Planning and Legislation
BAA is engaged with MHCLG (Housing, Communities and Local Government), the Scottish Government and the Welsh Assembly over plans to update and improve the planning process. The process is much too cumbersome, time-consuming and expensive, especially for SME companies. The proposed Planning Reform consultation (October 2020) was entirely focussed on housing supply – and construction and the link back to essential minerals supply unmentioned. BAA response to the consultation is here. We continue to press for reform for minerals ahead of the proposed Planning Bill schduled for 2022.
We successfuly lobbyed for long-term funding for the Managed Aggregates Supply System (MASS) and Aggregate Working Partiies (AWP) – and a 4-year contract for continuation was effective 1st April 2021. We are still awaiting restoration of the national ONS AMRI (Annual Mineral Raised Inquiry) statistics, the National Coordinating Group (NCG), and an updated aggregates provision allocation.
Furthermore, barriers are increasingly being placed both in accessing minerals and on our ability to provide society’s essential construction materials by the ongoing growth in National Parks and AONB classifications.
We are also raising concerns over the role of the Environment Agency in England and Wales in areas where local planners should have control – and where duplication is evident. An early reappraisal of Environmental Impact Assessments (EIA) is sought and a review of the impact of the EU Habitats Directive specifically for some protected species (eg great crested newts).
The bill is proceeding through parliament and is expected to erceive royal assent Autumn 2021. It has introduced a new regulator – Office of Environmental Protection, and there will be statutory limits on air pollution, and a mandatory 10% Biodiversity Net Gain (BNG) for all develpments.
The industry has repeatedly stated to DEFRA and Natural England that the proposed metrics as a one-size-fits-all is inappropriate and minerals should either have its own metric or be excluded. The industry has an enviable and universally acknowledged 50-year record of demonstrating high level of restoration, biodiversity aplenty – and provided nearly 40% of England’s SSSIs. (Sites of Special Scientific Interest).
The Bill also seeks to extend protected areas through Local Nature Strategies – and Natural England have already proposed that the Cotswold Water Park (CWP) becomes one huge SSSI – and are considering other areas as outlined here and here. BAA response to the CWP proposals are available here.
Minerals Extraction and Archaeology
Archaeological pre-determinations are an increasing cost and burden to BAA SME members, and has resulted in some mineral sterilisation. The 2008 multi-stakeholder Practice Guide was being revised by a multi-stakeholder group (MHEF) and Industry was seeking more prescriptive wording on pre-determination trenching. BAA undertook a member survey in mid-2019 and the results confirmed industry concerns. However, Historic England unilaterally issued a Mineral Extraction & Archaology guide (HEAN 13) in January 2020. They have in early 2021 looked to get developers from all areas not just minerals to provide case studies on pre-determination trenching.
We will continue to seek through MHEF the inclusion of more robust and prescriptive wording on pre-determinations – and with wider stakeholder support. and agreement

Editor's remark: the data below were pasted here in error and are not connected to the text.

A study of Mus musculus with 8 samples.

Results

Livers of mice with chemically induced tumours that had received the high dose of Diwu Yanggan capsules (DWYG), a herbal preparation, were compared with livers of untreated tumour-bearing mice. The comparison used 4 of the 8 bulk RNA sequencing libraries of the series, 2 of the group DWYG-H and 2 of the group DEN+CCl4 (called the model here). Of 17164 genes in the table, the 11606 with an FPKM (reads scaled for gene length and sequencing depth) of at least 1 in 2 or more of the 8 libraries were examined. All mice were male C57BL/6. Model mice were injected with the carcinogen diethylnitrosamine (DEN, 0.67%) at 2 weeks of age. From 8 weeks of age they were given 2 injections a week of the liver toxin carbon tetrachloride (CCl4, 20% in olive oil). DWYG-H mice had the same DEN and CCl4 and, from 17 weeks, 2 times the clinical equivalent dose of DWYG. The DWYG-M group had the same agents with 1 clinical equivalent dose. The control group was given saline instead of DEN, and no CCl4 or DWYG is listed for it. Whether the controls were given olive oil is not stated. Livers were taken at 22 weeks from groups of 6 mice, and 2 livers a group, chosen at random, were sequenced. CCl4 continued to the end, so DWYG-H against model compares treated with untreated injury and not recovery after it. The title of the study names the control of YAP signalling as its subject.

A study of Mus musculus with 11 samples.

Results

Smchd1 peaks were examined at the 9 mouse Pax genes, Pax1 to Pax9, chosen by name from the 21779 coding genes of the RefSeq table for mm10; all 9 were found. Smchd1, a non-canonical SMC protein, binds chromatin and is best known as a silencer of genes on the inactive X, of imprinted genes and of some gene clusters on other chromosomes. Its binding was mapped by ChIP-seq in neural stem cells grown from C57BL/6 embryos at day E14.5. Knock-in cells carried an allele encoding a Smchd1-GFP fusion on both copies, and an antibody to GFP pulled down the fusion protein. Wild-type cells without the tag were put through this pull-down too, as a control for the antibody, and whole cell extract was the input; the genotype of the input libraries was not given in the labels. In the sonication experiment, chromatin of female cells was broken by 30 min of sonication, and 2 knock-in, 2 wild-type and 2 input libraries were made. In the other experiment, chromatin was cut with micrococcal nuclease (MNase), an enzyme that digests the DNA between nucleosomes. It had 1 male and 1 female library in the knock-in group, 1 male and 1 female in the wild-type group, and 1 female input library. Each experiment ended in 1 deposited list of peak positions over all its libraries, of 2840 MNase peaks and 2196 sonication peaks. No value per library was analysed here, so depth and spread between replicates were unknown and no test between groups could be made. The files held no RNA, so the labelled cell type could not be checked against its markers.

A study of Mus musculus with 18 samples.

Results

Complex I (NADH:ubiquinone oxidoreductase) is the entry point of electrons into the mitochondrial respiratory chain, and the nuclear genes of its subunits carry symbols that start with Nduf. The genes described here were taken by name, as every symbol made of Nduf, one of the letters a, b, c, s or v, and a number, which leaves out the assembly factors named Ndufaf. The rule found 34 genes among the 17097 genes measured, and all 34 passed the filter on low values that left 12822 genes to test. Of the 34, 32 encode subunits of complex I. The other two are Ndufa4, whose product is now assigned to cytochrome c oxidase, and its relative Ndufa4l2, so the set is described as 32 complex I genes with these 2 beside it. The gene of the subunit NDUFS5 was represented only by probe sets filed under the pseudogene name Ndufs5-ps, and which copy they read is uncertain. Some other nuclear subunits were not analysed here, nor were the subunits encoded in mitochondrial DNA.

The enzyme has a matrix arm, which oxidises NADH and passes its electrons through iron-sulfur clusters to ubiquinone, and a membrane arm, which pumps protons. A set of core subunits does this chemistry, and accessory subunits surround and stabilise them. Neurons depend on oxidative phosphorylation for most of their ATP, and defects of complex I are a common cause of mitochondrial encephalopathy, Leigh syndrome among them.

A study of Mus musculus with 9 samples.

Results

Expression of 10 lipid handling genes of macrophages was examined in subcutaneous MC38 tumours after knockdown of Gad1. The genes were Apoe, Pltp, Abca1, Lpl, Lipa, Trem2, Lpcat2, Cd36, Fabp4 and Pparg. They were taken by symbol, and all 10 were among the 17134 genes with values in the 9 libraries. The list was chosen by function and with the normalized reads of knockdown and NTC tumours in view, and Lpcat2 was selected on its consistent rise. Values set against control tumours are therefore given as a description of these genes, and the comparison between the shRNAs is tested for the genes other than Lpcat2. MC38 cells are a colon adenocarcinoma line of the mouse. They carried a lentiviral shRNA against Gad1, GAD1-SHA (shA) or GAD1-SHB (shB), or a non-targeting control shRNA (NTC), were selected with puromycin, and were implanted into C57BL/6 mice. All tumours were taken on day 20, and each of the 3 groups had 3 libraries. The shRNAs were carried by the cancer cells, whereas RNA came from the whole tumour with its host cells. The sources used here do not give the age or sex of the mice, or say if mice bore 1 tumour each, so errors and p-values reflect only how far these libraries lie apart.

The BAA introduced an independent third-party audited safe site certification scheme in 2008 to ensure that workers are competent and legal requirements have been met by the operator. The scheme has been welcomed, highly praised; and endorsed by the HSE. It was awarded the Target Zero logo in recognition of its ability to reduce accidents in the workplace.
Since its introduction in 2002, the BAA stood alone in sustaining a legal challenge against the Aggregates Levy in the UK and EU courts. It has kept its members fully briefed and offered assistance in minimising their levy payments most particularly on moisture rebates and exemption areas.
In February 2019, BAA Executive reached a settlement with HM Government and a full comprehensive review of the levy was announced in the Chancellor’s Spring Statement on 17 March. BAA was a principal participant in the expert working group which met 4 times from April through October. Minutes available here. There have been some minor consultations and changes but the levy remains unchanged albeit frozen, and BAA continues to seek abolition – not least for any added complications from devolution of the levy to Scotland.
Up to 70% of the levy is paid out of the public purse!!
The government signalled an end to the exemption of quarries from using red diesel from April 2022 – whilst retaining for other rural industry like farming and woodlands. This is seen by the industry as a straight tax grab as there will be NO environmental gain – and currenty no viable alternatives! We continue to lobby Treasury to retain the exemption to the industry not least that many SME operators are farmers and quarriers and share storage and some equipment!
This is another area of concern to BAA SME members and several potential sites have been sterilised as a result of authorities not differentating between genuine AWS (Ancient Woodlands) – and PAWS (Plantations on Ancient Woodlands) which are mainly recent coniferous woods. We have had contact for some years with both MHCLG and Woodlands Trust to look for a more realistic approach – but so far with little result.
BAA as members of the CBI MInerals Group made input and participated in the preparation and the launch of this publication in July 2018. Minerals represent 16% of the value of the UK economy.